Under president and CEO Ian Mc-Carthy, publicly-owned Beazer Homes finished the quarter ending December 31st with record closings and profits. Atlanta-based Beazer is the nation's sixth-largest home builder, operating in more than 22 states. Born, raised, and educated in London, where he met his wife, Angela, McCarthy spent a decade working for Beazer in Hong Kong and Thailand. He has two daughters, ages 17 and 21.
BB: How would you characterize your outlook for Beazer?
IM: I think it's very good. The key point is, the market is going to slow somewhat from record levels last year, but as the big builders are taking so much market share, I feel comfortable that there will be growth in our future.
BB: How does a major home builder most effectively set itself apart from others?
IM: We are building the company and the brand around the customer. We are really listening to our customers—we put an online survey process in place for our customers from the first moment they touch us on the web site 'til forever. We touch them, they touch us, and they talk to us from the moment they touch the company. I think that, over a long period of time, it's going to set us apart because we'll get real input from our customers.
IM: Well, obviously the demographics are there for the Active Adults. That is something we should all be aware of. We have a broad product range that will appeal not only to Active Adults—products that are age-specific but also age-targeted. So we are looking at Active Adults living within our communities, and we have products for them in that way.
BB: Hispanics are an increasingly important group. How are you courting that consumer base?
IM: Hispanics are going to be very, very strong consumers, and we are focused on that. We are also focused on the work-force. Over the next 15 years, two-thirds of the workforce growth will be among Hispanics, but only one percent of those workers will be in management. We've taken an industry-leading position to attract and develop Hispanic college students in a formal partnership with the Home Builders Institute and the Hispanic Heritage Foundation, and we will be hiring interns and graduates into management roles.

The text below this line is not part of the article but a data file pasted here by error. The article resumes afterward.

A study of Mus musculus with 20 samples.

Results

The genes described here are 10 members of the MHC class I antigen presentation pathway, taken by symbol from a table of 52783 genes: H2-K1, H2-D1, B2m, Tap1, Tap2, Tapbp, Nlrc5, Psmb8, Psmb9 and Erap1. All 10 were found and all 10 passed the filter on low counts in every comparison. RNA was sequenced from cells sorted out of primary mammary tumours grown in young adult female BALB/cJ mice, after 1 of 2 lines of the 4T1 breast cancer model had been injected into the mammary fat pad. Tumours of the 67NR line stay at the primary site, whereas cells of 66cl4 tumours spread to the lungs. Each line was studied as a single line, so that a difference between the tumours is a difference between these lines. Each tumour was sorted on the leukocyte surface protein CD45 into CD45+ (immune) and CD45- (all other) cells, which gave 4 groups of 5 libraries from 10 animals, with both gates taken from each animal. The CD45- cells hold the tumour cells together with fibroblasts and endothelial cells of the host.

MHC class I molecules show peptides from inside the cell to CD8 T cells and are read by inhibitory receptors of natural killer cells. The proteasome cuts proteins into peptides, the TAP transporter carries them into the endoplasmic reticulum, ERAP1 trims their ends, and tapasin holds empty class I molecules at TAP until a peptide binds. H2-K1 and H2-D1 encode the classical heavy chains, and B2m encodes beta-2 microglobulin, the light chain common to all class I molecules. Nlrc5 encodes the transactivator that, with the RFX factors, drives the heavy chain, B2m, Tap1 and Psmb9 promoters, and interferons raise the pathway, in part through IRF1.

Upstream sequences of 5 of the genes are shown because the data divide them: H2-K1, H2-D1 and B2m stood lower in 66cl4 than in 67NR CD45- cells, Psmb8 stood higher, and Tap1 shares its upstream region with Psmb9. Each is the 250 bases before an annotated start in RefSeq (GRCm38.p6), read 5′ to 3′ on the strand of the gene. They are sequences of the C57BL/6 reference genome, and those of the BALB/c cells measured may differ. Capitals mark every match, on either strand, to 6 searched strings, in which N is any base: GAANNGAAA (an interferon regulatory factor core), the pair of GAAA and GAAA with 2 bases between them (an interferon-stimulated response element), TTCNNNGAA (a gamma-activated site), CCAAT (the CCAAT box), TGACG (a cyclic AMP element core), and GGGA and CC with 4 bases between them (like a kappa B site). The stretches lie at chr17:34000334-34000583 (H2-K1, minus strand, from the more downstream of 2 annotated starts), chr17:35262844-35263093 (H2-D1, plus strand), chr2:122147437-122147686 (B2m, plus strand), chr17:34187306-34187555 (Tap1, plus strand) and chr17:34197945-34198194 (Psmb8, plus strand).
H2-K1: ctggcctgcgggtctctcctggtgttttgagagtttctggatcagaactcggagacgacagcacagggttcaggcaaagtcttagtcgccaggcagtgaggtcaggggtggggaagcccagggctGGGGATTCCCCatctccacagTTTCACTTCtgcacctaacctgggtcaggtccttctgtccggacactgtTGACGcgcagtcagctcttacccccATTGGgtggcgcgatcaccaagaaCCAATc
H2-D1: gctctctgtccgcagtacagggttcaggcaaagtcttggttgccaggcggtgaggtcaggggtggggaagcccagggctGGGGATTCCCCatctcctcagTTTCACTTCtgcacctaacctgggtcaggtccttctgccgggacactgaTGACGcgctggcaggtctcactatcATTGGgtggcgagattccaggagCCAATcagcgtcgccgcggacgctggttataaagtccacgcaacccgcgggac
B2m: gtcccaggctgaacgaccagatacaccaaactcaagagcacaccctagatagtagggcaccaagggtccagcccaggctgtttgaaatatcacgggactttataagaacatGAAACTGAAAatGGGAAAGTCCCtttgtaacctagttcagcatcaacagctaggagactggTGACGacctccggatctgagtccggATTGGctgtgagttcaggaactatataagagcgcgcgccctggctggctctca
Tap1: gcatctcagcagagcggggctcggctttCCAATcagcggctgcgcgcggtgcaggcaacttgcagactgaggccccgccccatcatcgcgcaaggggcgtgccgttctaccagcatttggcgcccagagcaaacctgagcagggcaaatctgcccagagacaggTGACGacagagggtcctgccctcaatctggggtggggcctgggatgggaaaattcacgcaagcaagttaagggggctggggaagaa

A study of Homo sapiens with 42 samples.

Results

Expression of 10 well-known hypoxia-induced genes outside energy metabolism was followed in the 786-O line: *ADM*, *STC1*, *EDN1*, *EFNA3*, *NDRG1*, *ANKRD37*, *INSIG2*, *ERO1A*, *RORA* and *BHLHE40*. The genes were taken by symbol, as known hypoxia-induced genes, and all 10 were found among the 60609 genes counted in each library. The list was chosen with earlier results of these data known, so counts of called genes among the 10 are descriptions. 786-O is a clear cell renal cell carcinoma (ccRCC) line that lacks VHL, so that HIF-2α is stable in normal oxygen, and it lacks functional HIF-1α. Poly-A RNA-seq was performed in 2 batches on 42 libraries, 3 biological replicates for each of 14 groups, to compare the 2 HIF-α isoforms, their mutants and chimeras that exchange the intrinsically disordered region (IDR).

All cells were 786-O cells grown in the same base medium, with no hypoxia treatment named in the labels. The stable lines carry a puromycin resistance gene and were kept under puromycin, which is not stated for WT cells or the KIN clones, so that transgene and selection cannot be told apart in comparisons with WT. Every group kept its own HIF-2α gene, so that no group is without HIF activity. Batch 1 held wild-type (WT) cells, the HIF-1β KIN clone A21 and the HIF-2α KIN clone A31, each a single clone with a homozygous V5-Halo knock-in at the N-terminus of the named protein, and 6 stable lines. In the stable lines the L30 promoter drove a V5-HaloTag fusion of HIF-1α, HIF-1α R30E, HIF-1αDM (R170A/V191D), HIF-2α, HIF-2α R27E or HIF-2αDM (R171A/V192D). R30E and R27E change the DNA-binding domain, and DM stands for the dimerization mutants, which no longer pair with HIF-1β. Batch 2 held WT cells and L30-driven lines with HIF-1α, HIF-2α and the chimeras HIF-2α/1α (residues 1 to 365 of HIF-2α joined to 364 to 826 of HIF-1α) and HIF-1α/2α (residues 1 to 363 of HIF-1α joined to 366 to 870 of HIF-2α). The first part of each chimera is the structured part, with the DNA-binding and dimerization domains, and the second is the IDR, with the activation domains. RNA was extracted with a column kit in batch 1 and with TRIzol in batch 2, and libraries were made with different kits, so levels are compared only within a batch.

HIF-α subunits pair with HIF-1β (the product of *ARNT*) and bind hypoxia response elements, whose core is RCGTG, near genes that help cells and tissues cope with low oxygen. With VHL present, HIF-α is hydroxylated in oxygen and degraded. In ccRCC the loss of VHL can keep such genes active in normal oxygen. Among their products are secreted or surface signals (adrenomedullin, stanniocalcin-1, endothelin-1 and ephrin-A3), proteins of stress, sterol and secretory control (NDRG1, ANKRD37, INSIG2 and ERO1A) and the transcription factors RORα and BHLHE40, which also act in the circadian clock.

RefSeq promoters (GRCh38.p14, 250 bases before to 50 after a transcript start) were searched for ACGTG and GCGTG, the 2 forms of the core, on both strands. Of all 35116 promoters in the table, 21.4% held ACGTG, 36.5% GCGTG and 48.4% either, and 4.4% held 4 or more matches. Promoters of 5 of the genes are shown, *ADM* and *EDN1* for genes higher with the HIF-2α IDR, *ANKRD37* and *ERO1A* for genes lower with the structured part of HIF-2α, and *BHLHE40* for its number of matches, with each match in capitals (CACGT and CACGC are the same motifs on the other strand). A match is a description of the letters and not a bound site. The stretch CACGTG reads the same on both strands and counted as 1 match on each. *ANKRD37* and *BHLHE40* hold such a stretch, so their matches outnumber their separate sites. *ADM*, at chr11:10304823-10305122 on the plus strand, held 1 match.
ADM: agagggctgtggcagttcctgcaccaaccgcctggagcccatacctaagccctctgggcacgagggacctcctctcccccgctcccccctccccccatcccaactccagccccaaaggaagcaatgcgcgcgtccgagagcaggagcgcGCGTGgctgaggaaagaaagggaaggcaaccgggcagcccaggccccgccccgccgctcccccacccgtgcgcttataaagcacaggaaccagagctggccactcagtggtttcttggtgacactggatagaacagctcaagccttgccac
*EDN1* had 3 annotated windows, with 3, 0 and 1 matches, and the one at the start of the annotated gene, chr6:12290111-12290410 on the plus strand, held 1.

BB: I'm told you're a humble golfer.
IM: Very humble. I think however successful you think you might be in life or in business, it's always very humbling to get on the golf course and be leveled, alongside everyone else. And that's where I maintain my golf position.
BB: And a lifelong sailor?
IM: Right, from a very early age. I have spent many years sailing—from sailing small dinghys to being a member of the Royal Hong Kong Yacht Club when I lived there. I have had the opportunity to sail at all levels, and I still really enjoy it.
BB: You and your wife spent 10 years living in the Far East. Have you shared your international perspective with your daughters?
IM: Absolutely. My children have the advantage of having been born in Bangkok, Thailand, and then having grown up in the States, but still having English roots. So, they've got that perspective, and we have also traveled extensively, both to Europe and back to Asia. So they have definitely shared this experience.
BB: How important is it that American kids have a world view?
IM: I think it is essential. If you think about globalization and its effects—the positive and potentially negative effects—I think everyone has to be aware of this issue today. It's very important for the next generation to be aware of all aspects of it.